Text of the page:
PokerStars become the first to receive shared liquidity licence via ARJEL

PokerStars become the first to receive shared liquidity licence via ARJEL

PokerStars has become the first online poker operator to receive a license for the forthcoming European shared liquidity scheme after ARJEL handed a slip of paper to REEL Malta Limited, a subsidiary of the Rational Group.

PokerStars – flame on!

PokerStars become the first to receive shared liquidity licence via ARJELThe largest online poker operator this side of the completed Rubik Cube that sits proudly on this desk I’m pinching is the first to successfully secure a license to operate in Europe’s proposed online poker liquidity scheme.

The chief of the French gaming regulator Autorité de Régulation des Jeux En Ligne (ARJEL), Charles Coppolani, whizzed the license through his 1945 Lillian Rose, dabbed some ink, and voila.

It’s not a surprise.

PokerStars is not only the online poker market leader. They are the only operator with camps in each partaking country.

The license goes to REEL Malta Limited, a subsidiary of Rational Group, the entity behind the scenes that takes care of the day-to-day running of

The only stipulations are for gaming regulators in France, Italy, Portugal and Spain to approve the software changes PokerStars will make. There is an agreement to offer games to people within the borders of the respective countries, and Stars will need to inform ARJEL of future changes that PokerStars makes to its software in areas of the affected deal.

Come on, Get a Move on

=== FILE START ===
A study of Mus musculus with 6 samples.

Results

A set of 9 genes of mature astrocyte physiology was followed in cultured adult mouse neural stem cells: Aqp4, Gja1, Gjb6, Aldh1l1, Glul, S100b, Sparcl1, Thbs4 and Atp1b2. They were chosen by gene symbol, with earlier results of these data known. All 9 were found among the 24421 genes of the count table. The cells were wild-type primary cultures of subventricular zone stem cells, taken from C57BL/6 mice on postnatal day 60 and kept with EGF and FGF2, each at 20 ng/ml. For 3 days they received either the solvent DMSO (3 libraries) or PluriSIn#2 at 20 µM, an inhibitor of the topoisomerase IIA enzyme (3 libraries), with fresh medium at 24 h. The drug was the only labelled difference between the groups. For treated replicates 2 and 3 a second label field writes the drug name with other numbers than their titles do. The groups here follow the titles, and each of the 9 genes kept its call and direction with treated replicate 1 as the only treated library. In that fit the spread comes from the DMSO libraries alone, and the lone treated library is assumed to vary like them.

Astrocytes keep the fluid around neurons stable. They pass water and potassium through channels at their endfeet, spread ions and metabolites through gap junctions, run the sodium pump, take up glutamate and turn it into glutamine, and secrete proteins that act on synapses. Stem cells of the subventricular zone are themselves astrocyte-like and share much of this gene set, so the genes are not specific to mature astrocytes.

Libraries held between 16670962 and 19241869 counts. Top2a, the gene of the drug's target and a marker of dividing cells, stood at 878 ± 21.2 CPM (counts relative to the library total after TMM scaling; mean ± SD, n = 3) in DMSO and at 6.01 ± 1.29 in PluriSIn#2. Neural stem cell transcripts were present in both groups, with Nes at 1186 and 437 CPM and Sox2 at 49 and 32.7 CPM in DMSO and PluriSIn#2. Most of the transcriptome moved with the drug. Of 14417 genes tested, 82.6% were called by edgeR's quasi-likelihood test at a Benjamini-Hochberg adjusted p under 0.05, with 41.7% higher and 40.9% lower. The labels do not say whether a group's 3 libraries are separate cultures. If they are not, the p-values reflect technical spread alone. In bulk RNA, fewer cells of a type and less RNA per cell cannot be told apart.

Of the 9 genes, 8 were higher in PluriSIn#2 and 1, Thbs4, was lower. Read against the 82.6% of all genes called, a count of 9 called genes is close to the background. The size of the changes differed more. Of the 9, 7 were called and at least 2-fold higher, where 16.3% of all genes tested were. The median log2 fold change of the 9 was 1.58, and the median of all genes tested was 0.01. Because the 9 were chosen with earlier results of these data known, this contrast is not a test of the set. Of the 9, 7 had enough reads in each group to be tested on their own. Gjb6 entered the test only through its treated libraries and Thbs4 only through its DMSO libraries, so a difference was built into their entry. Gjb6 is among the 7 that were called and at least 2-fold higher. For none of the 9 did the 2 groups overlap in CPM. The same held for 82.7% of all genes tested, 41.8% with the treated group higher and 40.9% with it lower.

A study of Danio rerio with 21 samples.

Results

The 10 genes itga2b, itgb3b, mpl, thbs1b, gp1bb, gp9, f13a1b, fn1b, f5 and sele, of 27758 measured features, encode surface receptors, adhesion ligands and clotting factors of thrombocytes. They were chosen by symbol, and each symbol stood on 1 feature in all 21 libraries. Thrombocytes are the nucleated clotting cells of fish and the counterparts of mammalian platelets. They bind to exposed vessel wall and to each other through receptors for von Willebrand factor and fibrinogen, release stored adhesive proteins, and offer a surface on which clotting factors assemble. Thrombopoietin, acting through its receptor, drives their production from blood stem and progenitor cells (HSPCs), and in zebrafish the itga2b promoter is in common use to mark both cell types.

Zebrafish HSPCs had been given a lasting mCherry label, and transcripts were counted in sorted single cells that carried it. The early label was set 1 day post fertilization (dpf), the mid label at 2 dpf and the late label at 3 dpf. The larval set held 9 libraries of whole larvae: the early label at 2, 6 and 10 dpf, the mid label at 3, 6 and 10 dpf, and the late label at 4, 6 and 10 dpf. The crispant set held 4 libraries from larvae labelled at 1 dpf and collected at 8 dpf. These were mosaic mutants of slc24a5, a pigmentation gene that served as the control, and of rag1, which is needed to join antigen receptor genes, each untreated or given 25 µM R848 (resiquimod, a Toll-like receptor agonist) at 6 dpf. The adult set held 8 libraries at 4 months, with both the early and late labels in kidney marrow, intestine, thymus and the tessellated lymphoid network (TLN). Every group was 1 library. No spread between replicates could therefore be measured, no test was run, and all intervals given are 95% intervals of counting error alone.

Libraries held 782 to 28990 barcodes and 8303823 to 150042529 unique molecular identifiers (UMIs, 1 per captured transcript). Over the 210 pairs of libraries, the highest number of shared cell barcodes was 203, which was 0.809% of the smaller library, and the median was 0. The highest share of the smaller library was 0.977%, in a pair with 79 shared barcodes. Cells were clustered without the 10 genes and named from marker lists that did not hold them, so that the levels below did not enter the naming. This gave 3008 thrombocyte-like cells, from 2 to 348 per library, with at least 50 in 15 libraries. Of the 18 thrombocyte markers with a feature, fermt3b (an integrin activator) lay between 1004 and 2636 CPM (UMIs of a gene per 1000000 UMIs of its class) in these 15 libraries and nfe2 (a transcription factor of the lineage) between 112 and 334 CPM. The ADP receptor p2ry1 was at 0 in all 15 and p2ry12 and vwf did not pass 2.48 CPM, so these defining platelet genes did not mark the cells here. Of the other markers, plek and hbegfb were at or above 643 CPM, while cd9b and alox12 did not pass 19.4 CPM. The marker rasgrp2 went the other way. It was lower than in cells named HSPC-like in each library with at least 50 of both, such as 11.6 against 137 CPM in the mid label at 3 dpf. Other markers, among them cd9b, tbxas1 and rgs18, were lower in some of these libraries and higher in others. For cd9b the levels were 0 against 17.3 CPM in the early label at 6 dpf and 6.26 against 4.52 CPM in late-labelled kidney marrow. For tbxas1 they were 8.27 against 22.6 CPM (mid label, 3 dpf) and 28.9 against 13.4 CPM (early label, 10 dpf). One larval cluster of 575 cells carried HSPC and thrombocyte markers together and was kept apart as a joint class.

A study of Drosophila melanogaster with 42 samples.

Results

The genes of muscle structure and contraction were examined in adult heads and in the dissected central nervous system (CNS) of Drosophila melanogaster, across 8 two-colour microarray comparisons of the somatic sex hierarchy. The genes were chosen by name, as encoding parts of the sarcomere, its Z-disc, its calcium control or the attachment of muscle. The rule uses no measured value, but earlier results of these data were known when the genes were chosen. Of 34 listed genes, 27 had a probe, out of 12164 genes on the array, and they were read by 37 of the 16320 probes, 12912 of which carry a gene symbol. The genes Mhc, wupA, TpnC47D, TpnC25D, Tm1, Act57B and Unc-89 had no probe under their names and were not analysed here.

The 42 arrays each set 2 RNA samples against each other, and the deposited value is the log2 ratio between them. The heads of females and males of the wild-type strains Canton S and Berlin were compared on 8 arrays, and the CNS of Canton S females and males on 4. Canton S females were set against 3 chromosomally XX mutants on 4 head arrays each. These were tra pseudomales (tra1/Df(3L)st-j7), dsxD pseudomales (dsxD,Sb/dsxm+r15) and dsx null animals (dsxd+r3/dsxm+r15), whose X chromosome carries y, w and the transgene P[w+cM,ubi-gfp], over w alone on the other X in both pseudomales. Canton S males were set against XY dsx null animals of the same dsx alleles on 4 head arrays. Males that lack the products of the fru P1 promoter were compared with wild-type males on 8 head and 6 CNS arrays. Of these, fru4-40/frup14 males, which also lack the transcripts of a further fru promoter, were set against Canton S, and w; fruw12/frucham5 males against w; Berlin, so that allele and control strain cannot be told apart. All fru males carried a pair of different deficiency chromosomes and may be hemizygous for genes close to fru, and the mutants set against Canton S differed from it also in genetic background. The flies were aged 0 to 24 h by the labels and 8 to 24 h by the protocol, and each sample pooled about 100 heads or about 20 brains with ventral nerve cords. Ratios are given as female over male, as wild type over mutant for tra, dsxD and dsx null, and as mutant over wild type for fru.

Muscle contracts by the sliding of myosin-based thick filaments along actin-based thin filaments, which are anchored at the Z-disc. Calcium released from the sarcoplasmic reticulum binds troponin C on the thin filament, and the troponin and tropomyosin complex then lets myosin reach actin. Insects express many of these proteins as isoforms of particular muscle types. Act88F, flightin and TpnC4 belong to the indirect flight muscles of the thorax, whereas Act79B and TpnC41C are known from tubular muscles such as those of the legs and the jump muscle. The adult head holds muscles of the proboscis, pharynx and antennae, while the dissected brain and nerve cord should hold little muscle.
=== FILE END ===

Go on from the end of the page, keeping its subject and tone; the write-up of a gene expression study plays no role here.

There was a time when online poker was an open market with players competing at a global level. Online poker rooms could host larger events with greater prize pools. There was plenty of fish. It was easier to be a professional. Life was good.

Then everything changed.

We had Black Friday. The US government hunted down online poker players Hunger Game style. France, Italy, Spain and Portugal thought it would be wise to close borders, and suddenly you needed a fishing license in four of the primary poker places on the planet.

In July, after creeping dementia came to a halt, and minds began seeing sense in the four countries, an agreement was reached for a shared liquidity scheme when it became apparent that the current arrangements made as much sense as braille on Krypton.

The original vision was to have completed the red tape by the end of the year. The latest forecast is early 2018.

Last week, the Spanish gaming regulator Dirección General de Ordenación del Juego (DGOJ) opened the application process from their end of things. Poker Industry PRO anticipates ten online poker rooms in the mix.

The stinking turd in all of this is Italy.

There has been no reporting forward momentum since the Italian Democratic Party Senator, Franco Mirabelli, claimed that a shared online poker platform would encourage people who watch too much Netflix to begin laundering money between the four countries.